The Charlie Daniels Band is offering fans of the late country music singer and legend a tidbit from Daniels’ book, “Let’s All Make The Day Count.”
In an Instagram post on the band’s official account, Daniels writes, “Unbridled energy gets things done but disciplined energy gets things done right. Let’s all make the day count.”
The book, entering its third printing, has this information about it on Amazon: “Beloved American icon and Grammy Award-winning musician Charlie Daniels shares wit, wisdom, and life lessons he has learned from traveling and playing across the country.
“Let’s All Make the Day Count imparts Charlie’s positive attitude, timeless insight, and powerful spirit, and it will encourage and inspire you to make your day count.”
Coincidentally, when the book was originally released in 2018, Daniels took part in an hour-long interview and book-signing event. He talked about writing the book and what it meant to him.
Daniels died of a hemorrhagic stroke in July 2020. He was 83 years old.
Charlie Daniels Band Play Legendary Song For First Time
Any musician looking to build up a successful career usually needs a signature song.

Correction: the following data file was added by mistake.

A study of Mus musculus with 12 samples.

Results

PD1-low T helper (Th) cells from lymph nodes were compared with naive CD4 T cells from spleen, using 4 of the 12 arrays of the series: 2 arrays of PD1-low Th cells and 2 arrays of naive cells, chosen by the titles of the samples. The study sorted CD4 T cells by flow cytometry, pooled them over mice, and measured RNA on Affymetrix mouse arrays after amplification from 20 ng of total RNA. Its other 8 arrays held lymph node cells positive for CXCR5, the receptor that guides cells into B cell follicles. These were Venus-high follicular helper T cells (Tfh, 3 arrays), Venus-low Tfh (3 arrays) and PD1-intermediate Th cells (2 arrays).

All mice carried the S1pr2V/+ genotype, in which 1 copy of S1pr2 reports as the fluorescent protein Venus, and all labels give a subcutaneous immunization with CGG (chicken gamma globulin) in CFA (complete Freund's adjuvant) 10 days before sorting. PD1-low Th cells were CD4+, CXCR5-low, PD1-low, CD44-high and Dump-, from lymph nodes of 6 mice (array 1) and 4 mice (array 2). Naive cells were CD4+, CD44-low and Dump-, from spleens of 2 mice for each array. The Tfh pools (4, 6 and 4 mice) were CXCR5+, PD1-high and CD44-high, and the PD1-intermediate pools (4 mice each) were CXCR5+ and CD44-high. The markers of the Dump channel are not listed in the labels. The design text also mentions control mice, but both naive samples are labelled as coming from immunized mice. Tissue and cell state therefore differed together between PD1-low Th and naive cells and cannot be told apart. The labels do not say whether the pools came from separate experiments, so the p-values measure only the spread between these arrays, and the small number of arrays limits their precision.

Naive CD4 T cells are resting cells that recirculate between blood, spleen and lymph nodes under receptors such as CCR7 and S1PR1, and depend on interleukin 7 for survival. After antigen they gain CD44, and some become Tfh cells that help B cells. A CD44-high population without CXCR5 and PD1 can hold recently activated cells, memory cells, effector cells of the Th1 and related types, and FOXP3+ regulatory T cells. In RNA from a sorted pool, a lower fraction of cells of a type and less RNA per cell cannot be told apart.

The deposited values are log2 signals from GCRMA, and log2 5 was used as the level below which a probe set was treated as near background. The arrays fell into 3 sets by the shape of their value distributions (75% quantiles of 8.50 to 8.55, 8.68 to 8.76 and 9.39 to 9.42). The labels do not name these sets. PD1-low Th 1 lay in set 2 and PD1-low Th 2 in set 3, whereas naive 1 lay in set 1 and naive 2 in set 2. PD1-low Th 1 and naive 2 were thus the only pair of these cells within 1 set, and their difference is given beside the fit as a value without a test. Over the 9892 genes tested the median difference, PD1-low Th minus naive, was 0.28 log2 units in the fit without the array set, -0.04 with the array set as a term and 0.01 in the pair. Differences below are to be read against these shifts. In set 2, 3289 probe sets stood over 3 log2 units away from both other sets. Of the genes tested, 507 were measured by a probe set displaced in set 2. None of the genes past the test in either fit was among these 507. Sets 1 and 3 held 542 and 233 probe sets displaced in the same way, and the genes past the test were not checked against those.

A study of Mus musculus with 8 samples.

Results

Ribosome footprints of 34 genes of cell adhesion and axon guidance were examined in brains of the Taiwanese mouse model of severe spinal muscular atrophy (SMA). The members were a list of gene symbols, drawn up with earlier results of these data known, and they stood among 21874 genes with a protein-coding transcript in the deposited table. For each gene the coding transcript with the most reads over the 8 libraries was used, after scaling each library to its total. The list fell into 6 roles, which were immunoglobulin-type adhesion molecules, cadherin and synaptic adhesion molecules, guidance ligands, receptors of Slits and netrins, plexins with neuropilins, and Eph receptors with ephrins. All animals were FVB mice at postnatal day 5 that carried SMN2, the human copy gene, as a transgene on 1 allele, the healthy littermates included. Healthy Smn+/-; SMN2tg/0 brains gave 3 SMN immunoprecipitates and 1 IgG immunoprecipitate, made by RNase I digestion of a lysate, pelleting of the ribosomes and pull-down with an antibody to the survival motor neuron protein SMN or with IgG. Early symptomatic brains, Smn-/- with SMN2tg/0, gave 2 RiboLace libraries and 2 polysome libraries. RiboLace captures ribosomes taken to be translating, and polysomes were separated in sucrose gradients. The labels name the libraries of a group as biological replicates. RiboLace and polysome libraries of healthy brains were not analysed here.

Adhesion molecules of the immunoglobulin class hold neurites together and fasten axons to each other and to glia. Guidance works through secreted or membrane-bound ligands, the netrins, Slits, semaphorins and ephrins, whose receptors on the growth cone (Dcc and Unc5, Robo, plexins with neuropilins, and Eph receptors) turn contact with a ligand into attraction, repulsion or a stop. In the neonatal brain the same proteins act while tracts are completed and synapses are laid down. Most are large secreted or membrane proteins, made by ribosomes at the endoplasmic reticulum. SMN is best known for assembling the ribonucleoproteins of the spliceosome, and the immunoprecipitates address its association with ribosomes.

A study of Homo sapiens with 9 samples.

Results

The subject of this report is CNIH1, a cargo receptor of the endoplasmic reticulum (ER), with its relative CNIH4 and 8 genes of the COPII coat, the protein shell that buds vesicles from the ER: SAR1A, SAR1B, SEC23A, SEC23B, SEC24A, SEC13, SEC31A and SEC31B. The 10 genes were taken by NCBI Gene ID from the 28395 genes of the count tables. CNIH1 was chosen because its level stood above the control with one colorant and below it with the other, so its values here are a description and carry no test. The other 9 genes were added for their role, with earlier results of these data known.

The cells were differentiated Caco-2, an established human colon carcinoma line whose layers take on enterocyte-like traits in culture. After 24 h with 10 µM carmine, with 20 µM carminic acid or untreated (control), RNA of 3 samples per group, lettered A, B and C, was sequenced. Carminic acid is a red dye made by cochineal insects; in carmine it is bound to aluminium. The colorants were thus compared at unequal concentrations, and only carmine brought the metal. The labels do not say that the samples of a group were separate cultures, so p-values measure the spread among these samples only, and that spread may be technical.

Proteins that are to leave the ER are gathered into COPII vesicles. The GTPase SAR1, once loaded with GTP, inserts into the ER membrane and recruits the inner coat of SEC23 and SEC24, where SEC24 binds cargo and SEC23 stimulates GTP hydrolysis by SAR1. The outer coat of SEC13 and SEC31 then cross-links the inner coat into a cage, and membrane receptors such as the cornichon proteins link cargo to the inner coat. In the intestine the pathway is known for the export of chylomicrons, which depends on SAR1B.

Conversely, if you are able to make it stick and see it rise to the top of the country music charts, then you’ve got a true winner.
The Charlie Daniels Band definitely found their song in “The Devil Went Down to Georgia” in 1979.
Nashville fans had no idea they were about to hear the Charlie Daniels Band play the hit song for the first time ever in front of a public crowd.
Daniels, dressed in jeans, a vest and a plaid shirt, very casually introduced the song.
“Here is a song we just finished writing and recording,” Daniels said. “And we are going to do it for the very first time in public tonight…This is called ‘The Devil Went Down to Georgia.’”
Obviously, he gave his fiddle a couple of tweaks and tucked it under his chin.
He talked, sang, and played a tale about the devil and a fiddle player named Johnny.
The song was Daniels’ band’s biggest ever. It hit No. 3 overall on the “Billboard Top 100.”
Vassar Clements, a bluegrass fiddle player, originally wrote the melody an octave lower. The song was first called “Lonesome Fiddle Blues.” When Clements released the song in 1975, Daniels played guitar in the band.
The Daniels band tweaked the song and recorded it four years later.